Arts

Review: Dance piece Hard To Be Soft takes message of hope from Belfast to Edinburgh

Oona Doherty in Hard To Be Soft: A Belfast Prayer. Picture by Ryan Buchanan
Richard Purden

REVIEW

Hard To Be Soft: A Belfast Prayer

The Lyceum

Edinburgh

BELFAST-based Oona Doherty's dance piece is a vital depiction of real working-class lives in the city. Three teenage figures, one in a green-and-white hooped Celtic scarf, gather around an outdoor fire as the smell of incense burns, blending the themes of religion and street violence from the start.

Performed and choreographed by Doherty, she captures how violent thoughts can come from a sudden reaction to something, or a disruption in the mind. She is bound in a cage of white light, perhaps representing a prison or even a church. It's a stark stage set that is devoured by Doherty's pulsating energy; some moments are reminiscent of the choreographed violence in Stanley Kubrick's film masterpiece A Clockwork Orange.

Voices from Belfast form part of the soundscape. One female speaker makes the point that her sense of female empowerment is about making herself look “f***ing amazing”.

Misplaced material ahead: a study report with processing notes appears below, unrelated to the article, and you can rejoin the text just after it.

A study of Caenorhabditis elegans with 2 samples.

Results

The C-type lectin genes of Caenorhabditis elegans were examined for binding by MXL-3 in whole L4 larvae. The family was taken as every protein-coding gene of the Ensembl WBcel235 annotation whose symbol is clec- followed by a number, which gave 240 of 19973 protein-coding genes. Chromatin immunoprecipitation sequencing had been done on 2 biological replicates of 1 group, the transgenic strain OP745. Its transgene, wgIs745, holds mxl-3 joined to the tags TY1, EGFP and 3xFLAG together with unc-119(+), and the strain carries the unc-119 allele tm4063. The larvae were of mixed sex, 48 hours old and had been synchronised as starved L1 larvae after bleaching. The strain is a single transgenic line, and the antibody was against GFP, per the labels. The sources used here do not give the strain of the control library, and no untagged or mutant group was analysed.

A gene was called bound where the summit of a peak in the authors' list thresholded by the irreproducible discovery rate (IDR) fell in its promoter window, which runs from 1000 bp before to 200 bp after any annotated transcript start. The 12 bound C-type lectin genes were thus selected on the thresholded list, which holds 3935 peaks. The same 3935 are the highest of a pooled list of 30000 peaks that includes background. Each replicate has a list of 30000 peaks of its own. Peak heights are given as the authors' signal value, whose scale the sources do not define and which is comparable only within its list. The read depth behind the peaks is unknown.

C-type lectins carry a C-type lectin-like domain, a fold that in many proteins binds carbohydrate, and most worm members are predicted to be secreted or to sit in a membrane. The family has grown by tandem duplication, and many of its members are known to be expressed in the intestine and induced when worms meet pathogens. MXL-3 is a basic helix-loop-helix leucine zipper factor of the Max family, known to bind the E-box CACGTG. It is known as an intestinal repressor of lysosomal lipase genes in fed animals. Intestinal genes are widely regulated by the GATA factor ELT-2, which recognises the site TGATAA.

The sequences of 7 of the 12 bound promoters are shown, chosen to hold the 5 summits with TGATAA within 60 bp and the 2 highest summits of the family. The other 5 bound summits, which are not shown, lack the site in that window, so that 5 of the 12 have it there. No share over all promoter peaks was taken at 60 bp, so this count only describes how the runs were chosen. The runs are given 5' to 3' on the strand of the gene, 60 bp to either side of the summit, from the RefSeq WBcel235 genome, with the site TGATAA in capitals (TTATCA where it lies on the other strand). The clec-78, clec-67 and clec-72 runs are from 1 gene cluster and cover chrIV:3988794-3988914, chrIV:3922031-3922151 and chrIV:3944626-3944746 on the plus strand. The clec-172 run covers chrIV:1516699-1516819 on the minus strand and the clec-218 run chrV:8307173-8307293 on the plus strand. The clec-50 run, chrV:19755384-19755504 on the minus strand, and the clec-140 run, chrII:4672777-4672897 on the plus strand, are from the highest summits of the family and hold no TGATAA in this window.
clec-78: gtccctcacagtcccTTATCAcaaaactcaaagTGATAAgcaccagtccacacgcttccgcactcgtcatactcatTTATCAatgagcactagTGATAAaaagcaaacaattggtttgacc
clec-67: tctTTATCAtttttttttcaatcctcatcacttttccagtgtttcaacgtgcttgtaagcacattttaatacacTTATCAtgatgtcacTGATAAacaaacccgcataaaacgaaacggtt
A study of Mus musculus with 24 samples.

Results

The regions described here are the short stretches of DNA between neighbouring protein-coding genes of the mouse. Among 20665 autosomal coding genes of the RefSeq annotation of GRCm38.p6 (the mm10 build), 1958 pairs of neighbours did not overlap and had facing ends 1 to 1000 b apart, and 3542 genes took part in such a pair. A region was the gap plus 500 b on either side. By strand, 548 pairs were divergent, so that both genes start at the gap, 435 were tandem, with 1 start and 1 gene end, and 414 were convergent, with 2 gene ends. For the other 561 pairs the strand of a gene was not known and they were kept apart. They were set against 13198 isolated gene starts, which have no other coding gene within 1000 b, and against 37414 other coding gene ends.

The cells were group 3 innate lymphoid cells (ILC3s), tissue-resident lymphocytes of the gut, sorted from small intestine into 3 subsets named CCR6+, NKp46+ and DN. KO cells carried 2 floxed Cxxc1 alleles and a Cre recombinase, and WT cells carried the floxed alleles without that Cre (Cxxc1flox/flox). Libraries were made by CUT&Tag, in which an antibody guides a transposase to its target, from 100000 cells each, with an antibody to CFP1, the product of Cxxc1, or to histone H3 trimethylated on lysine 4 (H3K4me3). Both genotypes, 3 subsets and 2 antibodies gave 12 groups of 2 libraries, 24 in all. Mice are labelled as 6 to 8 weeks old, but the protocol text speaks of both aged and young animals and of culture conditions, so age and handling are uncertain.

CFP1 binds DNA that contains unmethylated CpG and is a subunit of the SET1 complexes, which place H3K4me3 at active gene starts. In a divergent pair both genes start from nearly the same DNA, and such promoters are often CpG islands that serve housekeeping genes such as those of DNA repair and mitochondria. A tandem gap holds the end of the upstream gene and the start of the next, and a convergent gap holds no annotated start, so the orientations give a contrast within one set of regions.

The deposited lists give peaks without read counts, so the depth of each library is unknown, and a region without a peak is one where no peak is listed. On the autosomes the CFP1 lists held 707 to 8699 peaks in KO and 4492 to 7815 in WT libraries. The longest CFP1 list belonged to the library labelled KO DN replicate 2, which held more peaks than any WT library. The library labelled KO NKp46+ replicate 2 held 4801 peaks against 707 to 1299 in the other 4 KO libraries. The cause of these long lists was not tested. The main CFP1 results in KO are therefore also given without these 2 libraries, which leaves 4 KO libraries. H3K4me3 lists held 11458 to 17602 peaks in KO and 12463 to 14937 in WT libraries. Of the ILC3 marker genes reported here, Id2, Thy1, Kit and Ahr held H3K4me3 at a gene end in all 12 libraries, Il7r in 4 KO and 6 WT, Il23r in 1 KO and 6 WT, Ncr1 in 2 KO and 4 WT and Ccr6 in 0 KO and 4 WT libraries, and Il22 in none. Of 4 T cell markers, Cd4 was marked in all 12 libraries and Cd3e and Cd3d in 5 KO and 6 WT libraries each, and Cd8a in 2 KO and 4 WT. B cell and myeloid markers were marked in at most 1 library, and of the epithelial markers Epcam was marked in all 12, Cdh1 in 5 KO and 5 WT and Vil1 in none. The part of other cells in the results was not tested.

While this angered some in the audience, it seems an authentic portrayal of a working-class woman struggling every day with the issues in front of her, as well as dealing with a “scumbag” partner.

Hard to Be Soft, staged by Belfast theatre company Prime Cut Productions, also includes a powerful performance by a group of teenage girls; the Sugar Army, drawn locally for this Edinburgh Festival performance, brought swaggering female energy in a colourful array of tracksuit tops and uniform white jeans.

As the light gets in at the end of the piece one of the girls is drawn to a crack in the cage, leaving us to wonder if she is drawn to something other than the culture and identity of the group.

In a section titled Meat Kaleidoscope, a bare fleshed father and son grapple with bellies hanging out over their shorts, their body language containing threat but also communicating distress, pain and frustration.

Doherty's achievement is that she makes these separate, visceral performances work together to create a feeling of the hope and vitality of people who have lived through the Troubles and survived. Despite the dark subject matter, at the end you sense you have been visited by something holy, and wholly compelling.